This weekend I read a portion of this short story at the Border Senses release party. Thanks to the people that came out and Eurydice for the great photo...
For my grandma’s third fifty-fourth birthday her ex-husband Réno took us out to celebrate. My grandma and he had been separated as long as I could remember but they remained friends. In fact, my grandma had remained friends with some of the other men she had been married to. I imagined that she was a bright light that they couldn’t stay far away from, but like any other light she sometimes shined too brightly.
She took extra care getting ready that day, and paired a beautiful pink angora sweater with black pants and small black wedges. I was very excited as we got ready and left the house. For the celebration we were being taken to dinner at a well-known seafood restaurant, Villa Del Mar, which my grandma loved. We drove down to the Bridge of the Americas and parked her big Buick. We walked over to Juarez and met Réno in front of the restaurant.
Réno had been my grandma’s fourth husband, and at the time, I hadn’t known why they had gotten a divorce. He had black hair he always combed into a pompadour. He stood waiting for us wearing black pants and a black jacket with a white button down and wayfarer sunglasses. My grandma waved as we got close, and he walked over to us with a big smile on his face, as he began to tell us that he wanted to take my grandma to the store next door first.
Downtown Juarez is an interesting place that is unexpectedly urban with retail stores next to nice restaurants, next to dive taquerias, and next to a bar that plays mariachi music so loud you can hear it on the street. My grandma didn’t want to at first but gave in because he looked so happy, and we had been excited all day about going too. As we walked over and caught our first glance at the window, I realized why he wanted to take my grandma there. My grandma was so busy talking that she almost didn’t notice, but when she saw them she let out a tiny gasp.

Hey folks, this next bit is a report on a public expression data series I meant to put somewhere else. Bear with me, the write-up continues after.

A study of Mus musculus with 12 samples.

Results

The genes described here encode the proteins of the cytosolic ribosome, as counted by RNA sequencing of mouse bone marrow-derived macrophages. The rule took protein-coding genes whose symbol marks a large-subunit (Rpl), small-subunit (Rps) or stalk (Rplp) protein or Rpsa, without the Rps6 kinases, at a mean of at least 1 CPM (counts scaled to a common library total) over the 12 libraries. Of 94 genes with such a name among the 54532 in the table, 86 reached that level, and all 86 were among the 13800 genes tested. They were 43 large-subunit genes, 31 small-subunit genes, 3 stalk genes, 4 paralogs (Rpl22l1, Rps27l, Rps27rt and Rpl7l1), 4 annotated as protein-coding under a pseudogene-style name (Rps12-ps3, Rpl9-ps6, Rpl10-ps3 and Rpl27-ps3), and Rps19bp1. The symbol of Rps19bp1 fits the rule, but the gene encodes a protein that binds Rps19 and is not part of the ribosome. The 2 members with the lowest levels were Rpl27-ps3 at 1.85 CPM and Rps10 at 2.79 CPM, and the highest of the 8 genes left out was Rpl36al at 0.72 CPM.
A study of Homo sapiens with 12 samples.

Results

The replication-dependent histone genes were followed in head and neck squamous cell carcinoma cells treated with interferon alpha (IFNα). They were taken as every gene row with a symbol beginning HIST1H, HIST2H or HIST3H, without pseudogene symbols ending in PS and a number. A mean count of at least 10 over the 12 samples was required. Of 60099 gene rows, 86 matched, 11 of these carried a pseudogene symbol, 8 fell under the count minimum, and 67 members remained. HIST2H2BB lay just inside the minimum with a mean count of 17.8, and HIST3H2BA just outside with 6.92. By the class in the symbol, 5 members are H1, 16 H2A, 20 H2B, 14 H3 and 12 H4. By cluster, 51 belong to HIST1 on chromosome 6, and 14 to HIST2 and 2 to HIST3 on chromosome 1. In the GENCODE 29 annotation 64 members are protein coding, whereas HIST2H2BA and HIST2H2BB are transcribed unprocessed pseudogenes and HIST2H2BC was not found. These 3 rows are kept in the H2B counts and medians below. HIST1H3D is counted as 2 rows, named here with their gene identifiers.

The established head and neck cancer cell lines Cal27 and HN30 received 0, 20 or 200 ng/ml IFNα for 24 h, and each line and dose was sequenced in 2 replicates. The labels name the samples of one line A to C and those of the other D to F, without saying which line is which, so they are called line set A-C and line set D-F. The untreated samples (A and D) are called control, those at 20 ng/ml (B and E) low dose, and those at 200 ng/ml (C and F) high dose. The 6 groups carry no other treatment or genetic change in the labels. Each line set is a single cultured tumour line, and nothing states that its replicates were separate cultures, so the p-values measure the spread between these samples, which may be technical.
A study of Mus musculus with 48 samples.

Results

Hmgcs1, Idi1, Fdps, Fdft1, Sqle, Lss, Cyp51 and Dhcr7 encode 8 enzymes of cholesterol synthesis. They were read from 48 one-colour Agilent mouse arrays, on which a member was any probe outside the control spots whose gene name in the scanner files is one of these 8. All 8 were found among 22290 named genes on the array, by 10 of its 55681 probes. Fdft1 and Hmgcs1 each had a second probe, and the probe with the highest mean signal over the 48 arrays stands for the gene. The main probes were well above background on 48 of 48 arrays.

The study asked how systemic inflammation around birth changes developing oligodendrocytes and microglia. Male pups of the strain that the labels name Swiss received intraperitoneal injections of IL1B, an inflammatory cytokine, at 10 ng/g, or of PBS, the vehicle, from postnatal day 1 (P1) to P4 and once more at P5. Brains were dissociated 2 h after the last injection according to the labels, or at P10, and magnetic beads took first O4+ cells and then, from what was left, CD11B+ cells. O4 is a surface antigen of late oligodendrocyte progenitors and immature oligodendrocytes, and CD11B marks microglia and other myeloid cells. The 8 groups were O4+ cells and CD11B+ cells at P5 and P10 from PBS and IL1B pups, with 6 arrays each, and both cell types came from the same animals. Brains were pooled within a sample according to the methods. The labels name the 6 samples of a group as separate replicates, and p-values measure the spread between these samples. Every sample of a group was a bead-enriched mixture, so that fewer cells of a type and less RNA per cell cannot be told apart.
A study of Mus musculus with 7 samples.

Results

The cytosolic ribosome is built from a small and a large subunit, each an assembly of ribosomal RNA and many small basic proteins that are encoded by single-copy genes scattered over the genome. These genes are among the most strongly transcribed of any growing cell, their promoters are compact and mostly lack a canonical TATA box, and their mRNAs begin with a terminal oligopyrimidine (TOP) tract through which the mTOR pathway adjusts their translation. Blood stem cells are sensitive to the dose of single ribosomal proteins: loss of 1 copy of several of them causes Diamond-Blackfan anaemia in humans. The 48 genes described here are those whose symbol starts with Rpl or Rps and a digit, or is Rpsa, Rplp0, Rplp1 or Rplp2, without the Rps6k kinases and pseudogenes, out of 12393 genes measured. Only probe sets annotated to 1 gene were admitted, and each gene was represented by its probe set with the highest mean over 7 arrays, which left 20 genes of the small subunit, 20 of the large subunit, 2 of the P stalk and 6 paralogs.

There they were, pink sling back marabou heels, sitting on a metal display pedestal waiting for her. Réno threw his head back, let out a big laugh, and clapped his hands together.
“¿Que te dije mamita?”
We walked in and walked out with the shoes in my grandma’s tiny size five. The shoes made the day even better. When we got to the restaurant we laughed and Réno told jokes that had us laughing even louder. We started with calamari appetizers and salads. Each time the waiter came back Réno ordered another drink. When it was time for us to order our food he insisted that we order the most expensive things and I looked to my grandma to make sure it was ok. She ordered for me instead even though Réno protested gesturing with the drink in his hand. By the time our food came I was so caught up in the laughter I hadn’t realized that my grandma wasn’t laughing as loudly. The next time the waiter came by Réno asked for a drink.